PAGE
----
The Best Canon DSLR Cameras for 2022
Mirrorless has really taken over the scene but we still wanted to check in on the state of Canon DSLR cameras for 2022 to make some recommendations. Many still prefer the feel and operation of DSLRs over mirrorless cameras. Perhaps you have a heavy investment in lenses and want to stick to EF mount systems. Canon has announced they will not be creating successors for their flagship models. However, the DSLRs they have out now are still very popular and good choices for many shooters. Read on to learn about them.
#1 Canon 5D Mark IV: The Best All-Around Canon DSLR
The Canon 5D Mark IV is a powerhouse suitable for just about every kind of shooter there is: fast enough for some action/wildlife situations, a great upgrade for portrait and landscape shooters, and a robust, approachable system for videography. The 30.4MP is enough for most portrait needs while the 7 FPS shooting speed is quick enough to cover your basic events, like weddings and parties (though it may be too slow for wildlife and sports shooters). The 3.2″ touchscreen is nice but in a fixed position. The card slots are feeling a bit dated, accepting one CF card and one UHS-I SD card. Most would prefer UHS-II or CFexpress but if you are already invested in some sizable CF cards from prior models, this might be a bonus to you.
Overall, the ISO is good, it shoots 4K, and offers a good amount of ports (microphone, headphones, PC Sync In – but does not offer full size HDMI, just Mini HDMI). It has Movie Servo AF and Dual Pixel CMOS AF but no IBIS. If you loved the form factor and layout of the 5D Mark III then your only real upgrade option is the 5D Mark IV unless you want to make the jump to mirrorless. There are pro shooters still using their 5D Mark IIIs on gigs – or at the very least as backup cameras – so the Mark IV is still a viable option, even in the face of the much-flashier EOS R lineup.
#2 Canon 1D X Mark III: The Best Canon DSLR for Video and High-Speed Photograpy
The Canon 1D X Mark III is Canon’s last flagship DSLR. Fortunately, it was set up for staying power, thanks to a cutting-edge image processor that is 380x faster than the Canon 1D X Mark II and processes imagery 3x quicker (and the 1D X Mark II was no slouch to begin with). Sports shooters will enjoy continuous shooting speeds up to 16 FPS with the viewfinder and up to 20 FPS in Live View mode with both AF and AE tracking. Causal videographers will appreciate Dual Pixel CMOS AF with 3,869 manually-selectable AF positions that are complemented by a sophisticated Touch AF system for intuitive rack focusing. More serious videographers will get a lot of mileage out of 5.5K raw out. This camera also rocks the same electronic stabilization system as the Canon EOS R. Overall, in the Canon DSLR world you can’t do better than the 1D X Mark III.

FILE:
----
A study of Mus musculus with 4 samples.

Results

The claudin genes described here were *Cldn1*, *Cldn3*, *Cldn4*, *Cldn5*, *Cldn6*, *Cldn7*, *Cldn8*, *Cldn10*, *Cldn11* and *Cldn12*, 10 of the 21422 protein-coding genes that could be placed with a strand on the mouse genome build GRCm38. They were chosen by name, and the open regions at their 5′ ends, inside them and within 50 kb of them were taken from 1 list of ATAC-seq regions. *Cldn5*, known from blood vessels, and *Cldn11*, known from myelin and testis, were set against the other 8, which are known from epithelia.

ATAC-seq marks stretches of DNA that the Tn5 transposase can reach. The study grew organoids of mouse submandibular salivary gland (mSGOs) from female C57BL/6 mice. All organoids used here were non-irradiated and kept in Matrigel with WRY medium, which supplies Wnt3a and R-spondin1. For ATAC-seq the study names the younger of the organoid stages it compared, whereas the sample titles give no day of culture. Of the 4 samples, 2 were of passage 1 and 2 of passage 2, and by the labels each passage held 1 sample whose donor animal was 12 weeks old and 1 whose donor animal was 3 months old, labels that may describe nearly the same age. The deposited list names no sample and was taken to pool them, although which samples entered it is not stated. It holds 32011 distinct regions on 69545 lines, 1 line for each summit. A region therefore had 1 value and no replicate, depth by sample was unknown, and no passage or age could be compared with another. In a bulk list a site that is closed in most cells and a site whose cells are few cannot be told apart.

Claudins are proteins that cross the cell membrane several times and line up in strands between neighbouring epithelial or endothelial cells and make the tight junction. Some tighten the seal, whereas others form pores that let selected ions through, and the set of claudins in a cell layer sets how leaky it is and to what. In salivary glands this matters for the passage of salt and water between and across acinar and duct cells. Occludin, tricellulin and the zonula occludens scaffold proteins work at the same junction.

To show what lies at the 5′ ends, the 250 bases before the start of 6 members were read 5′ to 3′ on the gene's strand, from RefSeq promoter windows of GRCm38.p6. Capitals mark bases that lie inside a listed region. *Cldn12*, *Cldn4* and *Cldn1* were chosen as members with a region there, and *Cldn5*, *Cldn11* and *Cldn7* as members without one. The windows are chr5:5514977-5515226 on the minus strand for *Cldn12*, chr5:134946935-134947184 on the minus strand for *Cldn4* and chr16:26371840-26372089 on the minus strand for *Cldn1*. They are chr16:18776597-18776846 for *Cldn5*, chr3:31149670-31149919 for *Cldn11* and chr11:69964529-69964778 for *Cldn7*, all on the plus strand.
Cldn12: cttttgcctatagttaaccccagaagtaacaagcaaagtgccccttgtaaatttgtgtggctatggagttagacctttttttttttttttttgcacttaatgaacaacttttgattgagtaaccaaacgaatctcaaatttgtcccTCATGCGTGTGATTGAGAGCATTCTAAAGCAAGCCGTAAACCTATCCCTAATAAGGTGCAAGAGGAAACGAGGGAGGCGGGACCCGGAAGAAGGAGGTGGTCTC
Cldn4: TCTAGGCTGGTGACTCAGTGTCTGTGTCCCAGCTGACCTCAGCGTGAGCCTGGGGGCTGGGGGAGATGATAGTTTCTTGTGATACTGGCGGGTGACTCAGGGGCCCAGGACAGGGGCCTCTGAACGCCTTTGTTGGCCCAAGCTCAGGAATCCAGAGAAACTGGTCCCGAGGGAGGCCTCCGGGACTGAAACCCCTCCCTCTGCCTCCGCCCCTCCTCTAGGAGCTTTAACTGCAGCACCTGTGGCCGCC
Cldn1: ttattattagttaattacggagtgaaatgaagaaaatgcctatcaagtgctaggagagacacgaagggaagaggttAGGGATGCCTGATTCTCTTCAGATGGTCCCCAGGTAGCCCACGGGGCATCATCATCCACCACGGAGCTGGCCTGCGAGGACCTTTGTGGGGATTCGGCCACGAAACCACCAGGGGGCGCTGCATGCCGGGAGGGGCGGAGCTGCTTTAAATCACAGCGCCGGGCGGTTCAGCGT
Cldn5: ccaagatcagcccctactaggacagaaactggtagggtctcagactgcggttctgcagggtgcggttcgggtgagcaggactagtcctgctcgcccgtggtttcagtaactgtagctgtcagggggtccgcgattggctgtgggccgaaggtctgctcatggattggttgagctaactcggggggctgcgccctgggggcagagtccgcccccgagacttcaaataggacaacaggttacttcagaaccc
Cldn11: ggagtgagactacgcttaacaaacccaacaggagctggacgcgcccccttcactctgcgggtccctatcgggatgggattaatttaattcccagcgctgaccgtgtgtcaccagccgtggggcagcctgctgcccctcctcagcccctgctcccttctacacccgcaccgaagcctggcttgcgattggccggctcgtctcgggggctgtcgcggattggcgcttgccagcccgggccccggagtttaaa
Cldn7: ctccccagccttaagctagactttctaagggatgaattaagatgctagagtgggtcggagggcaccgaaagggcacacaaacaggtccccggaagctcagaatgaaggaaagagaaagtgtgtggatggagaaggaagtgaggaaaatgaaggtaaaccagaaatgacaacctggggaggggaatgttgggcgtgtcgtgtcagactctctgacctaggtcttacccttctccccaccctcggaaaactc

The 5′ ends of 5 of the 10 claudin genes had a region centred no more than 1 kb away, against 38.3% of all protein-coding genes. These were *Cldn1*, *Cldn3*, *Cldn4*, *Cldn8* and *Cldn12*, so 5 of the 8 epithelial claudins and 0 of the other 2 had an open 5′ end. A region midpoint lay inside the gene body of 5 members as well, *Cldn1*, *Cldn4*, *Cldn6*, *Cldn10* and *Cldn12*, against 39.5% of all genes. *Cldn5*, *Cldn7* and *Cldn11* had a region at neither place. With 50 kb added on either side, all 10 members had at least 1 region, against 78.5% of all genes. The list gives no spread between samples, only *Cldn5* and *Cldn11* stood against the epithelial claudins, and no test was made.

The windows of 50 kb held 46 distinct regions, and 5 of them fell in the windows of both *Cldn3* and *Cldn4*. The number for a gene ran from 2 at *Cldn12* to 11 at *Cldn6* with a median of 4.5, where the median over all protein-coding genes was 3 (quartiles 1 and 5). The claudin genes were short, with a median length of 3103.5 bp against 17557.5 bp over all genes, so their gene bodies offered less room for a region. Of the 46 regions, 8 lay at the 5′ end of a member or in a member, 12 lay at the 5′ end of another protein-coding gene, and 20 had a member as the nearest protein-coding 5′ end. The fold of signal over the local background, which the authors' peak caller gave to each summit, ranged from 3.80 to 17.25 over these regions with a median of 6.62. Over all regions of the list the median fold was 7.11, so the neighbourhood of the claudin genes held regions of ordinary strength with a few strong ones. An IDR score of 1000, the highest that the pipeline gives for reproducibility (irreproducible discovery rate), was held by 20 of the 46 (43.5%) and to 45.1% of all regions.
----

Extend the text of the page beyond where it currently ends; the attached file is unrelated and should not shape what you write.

#3 Canon 90D: The Best Budget Canon DSLR
The Canon 90D is kind of like the crop sensor version of the 5D Mark IV. It offers a 32.5MP APS-C (1.6x crop) sensor, UHD 4K recording, Dual Pixel CMOS AF, and 11 FPS shooting speed. The ISO is decent and is equipped with a UHS-II SD slot. The touchscreen is fully articulating. The 90D is the perfect all-around camera for anyone not married to owning a full frame sensor. It is suitable for a wide range of subjects but is particularly ideal for travel, vlogging, multimedia projects, and simple everyday shooting.
#4 Canon Rebel T8i: The Best Travel Canon DSLR
The Canon Rebel T8i is very similar to the 90D but just less souped up. It’s a bit slower (7.5 FPS vs 11 FPS), offers only UHS-I SD slot (slower write speeds, smaller buffer), and overall offers smaller file sizes. But it’s incredibly travel-friendly, is equipped with vlogger-friendly vertical video (the first Canon DSLR to offer it), records UHD 4K, has Movie Servo AF and Movie Digital IS, and sports an articulating touchscreen. The T8i has a simple layout and is a very approachable system for any new shooter.
Picking the best DSLR from the Canon lineup can be a challenge and things get even trickier when the industry is very strongly trying to convince you to go mirrorless. While we love our new mirrorless offerings, there are a lot of reasons to maybe stick with DSLR. By and large, the battery life is good (no EVF to have to power). Composing on a pentaprism/pentamirror is more natural for some – it’s hard to beat having the light essentially directly reflected to your eye, especially when shooting low-key-lighting scenes. Lastly, the Canon EF mount ecosystem has a long history – so you just have a massive selection of native lenses to choose from vs the RF mount counterpart. Of course there are adapters, but those have their own drawbacks.
As everyone shifts to mirrorless, you may enjoy some of the resale pricing of DSLR gear. Whatever your photography goals are, the perfect camera is out there for you. We hope that this guide made finding your next camera a little bit easier!
This is a great article. Very insightful. Thanks for the post.
Thankyou for your help. Many of my questions answered and it gave a clear description on the differences between the cameras. Thanks again!
Your post was really helpful and most of my doubts were cleared.
I’m curious why you don’t think the 5d Mark iv is best for video seeing that it’s 4k and why it’s listed in the Professional Listing at the top yet never discussed in detail. Any thoughts about the Mark iv?
Really. It’s a good brand (Canon) for camera.
I hardly ever bother leaving comments on articles, but I felt that I owed it to the author for this wonderful article. I’m an intermediate-level photographer and I’ve been trying to find the best camera for my next steps (I’ve been using an EOS Rebel T5i for a while). Your article provided the detailed explanation of the differences between 6D and the 80D that I’ve been looking for. Thank you very much!
I really like the breakdown of which camera is best for which purpose.